PCB Manufacture & Final year project
Having completed two orders successfully now I thought it would be a good time to do a review of my preferred PCB Manufacturer, PCBWay. Please note: this post is part of the coupon program run by PCBWay however my comments are based on the experience of my two orders. I will be using my affiliate link throughout, If you’d prefer to go directly click the Non-Affiliate link here. I’ll update this post with any future notes.
As part of the project I am building a Driver display system which will be used on the R16e car that I’m helping build with the team at RMIT Electric Racing. It uses a 3.5” TFT screen from Adafruit and a custom PCB with an ATMega328P microcontroller and MCP2515/ISO1050 CAN Interface. The board is designed with simplicity in mind and as such will use an Arduino bootloader, ICSP header for programming as well as some pre made power supply modules. Being a prototype it was important to me that it didn’t cost too much, all up the PCB cost $51 USD (five copies) including DHL shipping which meant that it only took 4 business days to arrive.
Following the success of my first order I put in an order for the PCBs that we require for this year’s car. Most of the details were the same however we opted for green soldermask and white silkscreen (picture above). The total order came to only $97 USD for five unique boards, and five copies of each.
Developing the boards really was a team effort, we had some of the more experienced team members helping our new first & second year students to design the circuit. We had everything being quality controlled by multiple eyes before being sent off which has resulted in no design faults. Passing down the knowledge of good circuit design and tips & tricks for Altium Designer we can ensure our team has a solid future in the Formula SAE - Electric competition. We’ll also be getting some of the newer team members up to standard with hand soldering SMD parts, first though, we’ll be getting them to watch the classic instructional videos from Dave Jones.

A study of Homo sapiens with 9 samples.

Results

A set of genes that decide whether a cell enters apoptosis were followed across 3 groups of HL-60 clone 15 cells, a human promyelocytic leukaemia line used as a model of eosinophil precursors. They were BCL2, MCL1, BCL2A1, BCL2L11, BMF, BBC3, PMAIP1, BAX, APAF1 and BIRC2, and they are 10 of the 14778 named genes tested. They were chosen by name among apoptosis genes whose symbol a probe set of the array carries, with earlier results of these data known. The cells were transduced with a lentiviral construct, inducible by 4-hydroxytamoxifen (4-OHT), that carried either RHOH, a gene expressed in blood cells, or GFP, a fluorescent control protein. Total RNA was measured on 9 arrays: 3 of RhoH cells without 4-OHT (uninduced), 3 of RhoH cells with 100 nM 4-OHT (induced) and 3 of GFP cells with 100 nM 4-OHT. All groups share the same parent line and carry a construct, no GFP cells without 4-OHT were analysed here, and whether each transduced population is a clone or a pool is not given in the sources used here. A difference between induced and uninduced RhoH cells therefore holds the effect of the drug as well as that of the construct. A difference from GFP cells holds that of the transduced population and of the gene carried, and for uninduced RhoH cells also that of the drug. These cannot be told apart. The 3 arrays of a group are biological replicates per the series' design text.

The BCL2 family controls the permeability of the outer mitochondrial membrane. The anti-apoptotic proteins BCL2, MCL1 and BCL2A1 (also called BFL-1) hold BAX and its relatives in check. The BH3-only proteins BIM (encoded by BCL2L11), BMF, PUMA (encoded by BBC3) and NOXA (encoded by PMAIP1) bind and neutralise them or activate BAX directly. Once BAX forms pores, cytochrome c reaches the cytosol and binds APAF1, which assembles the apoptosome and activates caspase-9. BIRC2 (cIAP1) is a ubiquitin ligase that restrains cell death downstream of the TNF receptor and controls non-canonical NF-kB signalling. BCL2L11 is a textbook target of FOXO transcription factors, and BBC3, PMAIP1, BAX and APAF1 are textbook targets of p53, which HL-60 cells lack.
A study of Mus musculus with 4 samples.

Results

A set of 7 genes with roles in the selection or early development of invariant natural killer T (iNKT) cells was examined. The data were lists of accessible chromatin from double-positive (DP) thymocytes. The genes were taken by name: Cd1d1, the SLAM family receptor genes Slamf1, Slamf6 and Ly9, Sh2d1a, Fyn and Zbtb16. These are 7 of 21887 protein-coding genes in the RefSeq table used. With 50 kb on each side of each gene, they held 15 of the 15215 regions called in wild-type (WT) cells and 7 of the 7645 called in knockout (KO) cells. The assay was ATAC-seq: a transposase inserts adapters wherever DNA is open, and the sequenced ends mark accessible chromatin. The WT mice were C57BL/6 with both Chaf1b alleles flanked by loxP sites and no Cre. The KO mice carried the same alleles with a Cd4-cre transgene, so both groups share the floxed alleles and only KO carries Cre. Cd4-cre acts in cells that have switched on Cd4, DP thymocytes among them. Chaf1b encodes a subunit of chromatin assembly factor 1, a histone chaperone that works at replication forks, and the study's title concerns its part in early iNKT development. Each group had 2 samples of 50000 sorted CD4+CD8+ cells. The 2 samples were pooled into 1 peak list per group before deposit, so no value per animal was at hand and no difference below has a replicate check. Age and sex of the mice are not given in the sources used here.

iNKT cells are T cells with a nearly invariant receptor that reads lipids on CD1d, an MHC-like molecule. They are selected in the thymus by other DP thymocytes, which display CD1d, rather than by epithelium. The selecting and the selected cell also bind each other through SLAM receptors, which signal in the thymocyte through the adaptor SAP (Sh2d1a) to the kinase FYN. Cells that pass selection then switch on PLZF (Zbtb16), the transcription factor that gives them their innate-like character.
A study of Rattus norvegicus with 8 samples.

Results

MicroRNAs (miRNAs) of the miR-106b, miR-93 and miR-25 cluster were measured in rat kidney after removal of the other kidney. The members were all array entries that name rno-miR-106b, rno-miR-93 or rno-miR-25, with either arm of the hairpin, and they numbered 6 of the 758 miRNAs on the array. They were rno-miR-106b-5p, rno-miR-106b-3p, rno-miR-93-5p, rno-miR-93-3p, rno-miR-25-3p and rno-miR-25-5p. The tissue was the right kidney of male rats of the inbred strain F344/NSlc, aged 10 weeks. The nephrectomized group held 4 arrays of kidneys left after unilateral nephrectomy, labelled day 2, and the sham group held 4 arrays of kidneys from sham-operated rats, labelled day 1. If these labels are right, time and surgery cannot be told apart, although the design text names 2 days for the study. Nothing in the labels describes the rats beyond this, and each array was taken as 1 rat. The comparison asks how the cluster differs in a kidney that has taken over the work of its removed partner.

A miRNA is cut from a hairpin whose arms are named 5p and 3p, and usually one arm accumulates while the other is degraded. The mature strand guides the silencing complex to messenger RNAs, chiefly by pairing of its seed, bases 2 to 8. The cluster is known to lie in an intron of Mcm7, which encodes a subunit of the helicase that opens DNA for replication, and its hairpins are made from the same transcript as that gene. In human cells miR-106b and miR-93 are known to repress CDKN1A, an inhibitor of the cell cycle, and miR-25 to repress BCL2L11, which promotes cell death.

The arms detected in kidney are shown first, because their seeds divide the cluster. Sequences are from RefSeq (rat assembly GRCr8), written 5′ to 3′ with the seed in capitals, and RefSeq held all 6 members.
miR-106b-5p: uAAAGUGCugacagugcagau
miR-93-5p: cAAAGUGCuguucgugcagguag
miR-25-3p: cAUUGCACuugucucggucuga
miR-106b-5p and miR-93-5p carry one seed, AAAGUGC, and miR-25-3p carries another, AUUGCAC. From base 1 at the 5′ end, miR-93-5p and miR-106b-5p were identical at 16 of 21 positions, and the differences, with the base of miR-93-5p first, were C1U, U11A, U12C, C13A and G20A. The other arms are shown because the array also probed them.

The boards were all thoroughly tested and appear to have no obvious faults in the manufacturing, the surface finish (HASL) is great for the price and the quality of the silkscreen is better than a lot of professional production quality PCBs I’ve seen. If you roll the dice there is the possibility to have your boards upgraded to ENIG for no extra cost but unfortunately we lucked out this time. In terms of customer service I found the support that I’ve gotten to be of a high standard, I was able to chat with the customer service on a couple of occasions and was able to confirm that specific parts of my design were going to be okay for manufacture.
In my experience the order process goes as follows:
-Wait for design review, this process was very quick in my experience
Along the way I received email updates as well as an SMS from DHL to indicate the estimated delivery date which was a nice surprise. Their order tracking functionality on the website also gives a breakdown of which steps in the fabrication process have been completed (this experience is similar to the domino’s pizza tracking app!). My first order came with some extra goodies with a couple of different “universal” PCBs which are similar to perfboard or protoboard but have plated through holes so can be used for double sided construction. I’m sure I’ll find a use for them in some sort of future project.
All in all, as a cheap PCB manufacturer I would recommend PCBWay over OSHpark or BreadboardKiller for orders in Australia. In my experience OSHpark prices are similar however the delivery time is much slower and even though you get ENIG as standard it’s pretty hard to beat PCBWay for the turnaround time.
Keep up to date with what the team’s doing at RMIT Electric Racing - News.